Why do conservatives tend to doubt global warming scare scenarios more than their liberal counterparts? Dennis Avery at Right Wings News has an interesting theory: it’s because more conservatives are from rural areas, where that hasn’t been any warming.
My colleague Ed Long, formerly a NASA physicist, has found a severe problem with the “official” U.S. temperature records from the Goddard Space Institute and the National Data Collection Center. Both data sets deal with the inevitable gaps in station-by-station data by averaging the gap station with another nearby station. Supposedly, this works because “stations in the same latitude bands tend to share a more similar climate.”
Too often, however, this has led to averaging rural and urban temperatures together. Inevitably, that means the blended temperatures will be higher. Due to the Urban Heat Island effect, a big city can raise its own temperatures by five degrees C. Even a small city can be 2 degrees C warmer than the surrounding countryside. The rural population of America has stayed roughly the same since 1950, but the urban population doubled from 1950–1960—and has continued to grow twice as fast.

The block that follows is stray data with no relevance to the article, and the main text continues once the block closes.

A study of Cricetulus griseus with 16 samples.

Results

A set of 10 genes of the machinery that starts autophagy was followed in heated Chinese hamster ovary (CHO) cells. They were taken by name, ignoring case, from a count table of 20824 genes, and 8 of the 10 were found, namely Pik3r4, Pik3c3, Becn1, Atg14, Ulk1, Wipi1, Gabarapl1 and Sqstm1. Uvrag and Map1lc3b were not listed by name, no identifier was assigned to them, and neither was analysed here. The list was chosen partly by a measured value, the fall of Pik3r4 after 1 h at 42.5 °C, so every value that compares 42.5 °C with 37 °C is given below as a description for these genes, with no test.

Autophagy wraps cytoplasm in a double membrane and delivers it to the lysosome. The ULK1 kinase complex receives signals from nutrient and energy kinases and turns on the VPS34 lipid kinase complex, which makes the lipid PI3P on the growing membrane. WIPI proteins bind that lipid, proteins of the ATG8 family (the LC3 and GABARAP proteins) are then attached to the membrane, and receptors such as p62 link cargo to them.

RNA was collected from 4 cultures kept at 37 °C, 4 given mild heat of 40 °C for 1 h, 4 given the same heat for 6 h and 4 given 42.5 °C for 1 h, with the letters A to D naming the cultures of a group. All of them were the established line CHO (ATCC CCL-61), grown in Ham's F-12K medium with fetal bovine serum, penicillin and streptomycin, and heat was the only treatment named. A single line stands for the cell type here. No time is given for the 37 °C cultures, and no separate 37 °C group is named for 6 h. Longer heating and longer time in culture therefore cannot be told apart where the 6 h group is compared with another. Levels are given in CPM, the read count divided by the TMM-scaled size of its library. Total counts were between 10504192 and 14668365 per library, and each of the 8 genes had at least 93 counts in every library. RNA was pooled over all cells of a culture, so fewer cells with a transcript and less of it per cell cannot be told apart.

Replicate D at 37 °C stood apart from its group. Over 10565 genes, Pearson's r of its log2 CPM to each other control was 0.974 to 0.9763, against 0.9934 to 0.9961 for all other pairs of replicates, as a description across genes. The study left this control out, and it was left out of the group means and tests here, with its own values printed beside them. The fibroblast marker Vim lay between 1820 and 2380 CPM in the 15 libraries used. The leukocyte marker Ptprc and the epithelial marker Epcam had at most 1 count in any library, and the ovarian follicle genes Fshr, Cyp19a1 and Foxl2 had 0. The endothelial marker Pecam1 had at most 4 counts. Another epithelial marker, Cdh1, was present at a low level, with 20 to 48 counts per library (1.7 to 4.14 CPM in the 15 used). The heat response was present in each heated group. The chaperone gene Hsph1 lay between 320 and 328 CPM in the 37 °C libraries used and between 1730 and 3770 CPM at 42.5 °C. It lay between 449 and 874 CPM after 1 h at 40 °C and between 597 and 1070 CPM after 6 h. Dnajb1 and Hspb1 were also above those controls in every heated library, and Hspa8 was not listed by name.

To assess the real size and meaning of the rural-urban divergence, Long selected one rural station and one urban station per state; the rural and urban station trends were then averaged separately. The results are startling.
The rural data set shows no warming since 1890! The temperatures have trended up and down, but there’s no overall increase. The urban stations show a strong warming, especially after 1965. Are these two “skeleton sets” of raw data more representative of reality than the urban-polluted “adjusted” data sets in the official records? Long says “Yes”
So in other words, most of the data sets that indicate significant warming come from from urban sites that fall withing municipal heat sinks. And the data from rural sites that demonstrate against these trends are glossed over with statistical manipulations.